Food fleets see a bright future ahead

Sept. 1, 2006
FAMILY-OWNED trucking companies remain a vital part of the liquid and dry bulk food transport sector across North America.

FAMILY-OWNED trucking companies remain a vital part of the liquid and dry bulk food transport sector across North America. Further, many of these operations are going through a generational changing of the guard that should leave them well positioned for the future.

In this issue of Bulk Transporter, we focus on liquid and dry bulk food operations, and we profile two of the many family-owned companies that transport a wide range of food cargoes, including milk, sweeteners, juices, vegetable oils, flour, and sugar. Both of the profiled carriers are well represented by the next generation.

Schuh Hauling Inc, a Kaukauna, Wisconsin milk hauler, is the cover story. Brothers Clint and Barry Schuh bought out their father in 2004, and they have worked hard to expand the business by promoting just-in-time service at increasingly large dairy farms in the area and by aggressively pursuing backhaul opportunities.

A westward expansion put Ben Rouillard in the manager's seat of the Calgary (Alberta, Canada) division of Bess Tank Lines Ltd. His father, Jean Rouillard, founded the foodgrade tank carrier and still directs operations from the main office in Sherbrooke, Quebec.

Growing demand for foodgrade tank transportation serves as a sub-theme for the two carrier profiles. It was also the driving force for the decision to upgrade tank-cleaning capabilities at Transport Service Company's Loudon, Tennessee, terminal.

Responding to calls for more bulk transport capacity may be the easiest challenge faced by the tank carriers serving the food industry. Other challenges could present significant risk both for the trucking companies and for the general public.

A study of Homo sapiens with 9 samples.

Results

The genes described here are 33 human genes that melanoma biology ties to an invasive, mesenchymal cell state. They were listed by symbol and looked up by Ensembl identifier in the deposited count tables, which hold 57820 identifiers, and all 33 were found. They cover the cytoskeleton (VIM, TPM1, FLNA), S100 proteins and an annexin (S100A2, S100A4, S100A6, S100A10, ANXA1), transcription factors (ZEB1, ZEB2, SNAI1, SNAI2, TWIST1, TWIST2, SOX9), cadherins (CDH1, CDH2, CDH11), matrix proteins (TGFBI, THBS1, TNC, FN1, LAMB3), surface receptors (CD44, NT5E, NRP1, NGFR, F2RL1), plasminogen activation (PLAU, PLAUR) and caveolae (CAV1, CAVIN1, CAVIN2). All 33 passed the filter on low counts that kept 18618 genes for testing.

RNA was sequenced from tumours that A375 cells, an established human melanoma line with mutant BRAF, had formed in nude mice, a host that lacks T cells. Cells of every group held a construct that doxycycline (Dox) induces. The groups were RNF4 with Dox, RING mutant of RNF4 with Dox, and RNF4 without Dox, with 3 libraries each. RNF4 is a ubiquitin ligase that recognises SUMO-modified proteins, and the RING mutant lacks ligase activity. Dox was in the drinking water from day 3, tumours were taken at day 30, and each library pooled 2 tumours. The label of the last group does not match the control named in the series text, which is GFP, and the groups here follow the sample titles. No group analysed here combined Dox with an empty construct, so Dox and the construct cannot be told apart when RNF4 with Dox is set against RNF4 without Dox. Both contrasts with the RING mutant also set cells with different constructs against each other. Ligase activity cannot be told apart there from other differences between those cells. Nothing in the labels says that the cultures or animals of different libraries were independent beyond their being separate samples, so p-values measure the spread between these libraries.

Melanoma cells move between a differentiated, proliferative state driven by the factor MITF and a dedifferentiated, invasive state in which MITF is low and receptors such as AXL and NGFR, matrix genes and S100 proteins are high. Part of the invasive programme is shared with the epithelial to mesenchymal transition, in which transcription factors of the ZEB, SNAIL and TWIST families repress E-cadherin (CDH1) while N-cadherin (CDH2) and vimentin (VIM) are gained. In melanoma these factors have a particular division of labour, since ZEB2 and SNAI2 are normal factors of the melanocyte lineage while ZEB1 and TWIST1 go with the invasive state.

Some key concerns for food fleets were addressed during the International Milk Haulers Association (IMHA) annual convention. Topics covered include food security issues in the United States and Canada.

Chris Thompson with the University of Kentucky said that a three-year study now underway shows that milk haulers have been slow to adopt vehicle-tracking systems. He stressed the importance of such systems as a means of monitoring both the vehicle and driver to ensure the safety of the shipment.

The tracking systems have the ability to monitor the integrity of seals and locks on the tank trailer throughout the milk pick-up, transport, delivery, and cleaning processes. The electronic monitoring gives milk processors verifiable proof that the tank trailer was secure at all times.

Tank trailer seals are a point of concern in Canada, as well as the United States, according to John Johnston with the Ontario Milk Transport Association. He told fleet managers at the IMHA meeting that there is concern in Canada that pre-loaded milk tankers could present a tempting target for terrorists and vandals. More needs to be done to ensure that those trailers are fully secure.

Going beyond security, food haulers also have to contend with the driver shortage and with technology changes, such as the new diesel engine requirements that take effect with the 2007-model-year trucks and tractors. The engine and emission control hardware will add $7,000 to $10,000 to the cost of a new truck, according to many reports, and fuel economy may decline. All of this means higher operating costs.

Despite the varied challenges, foodgrade tank truck carriers are thriving. More importantly, a new generation of management is bringing the energy and innovation that these fleets need to move into the future.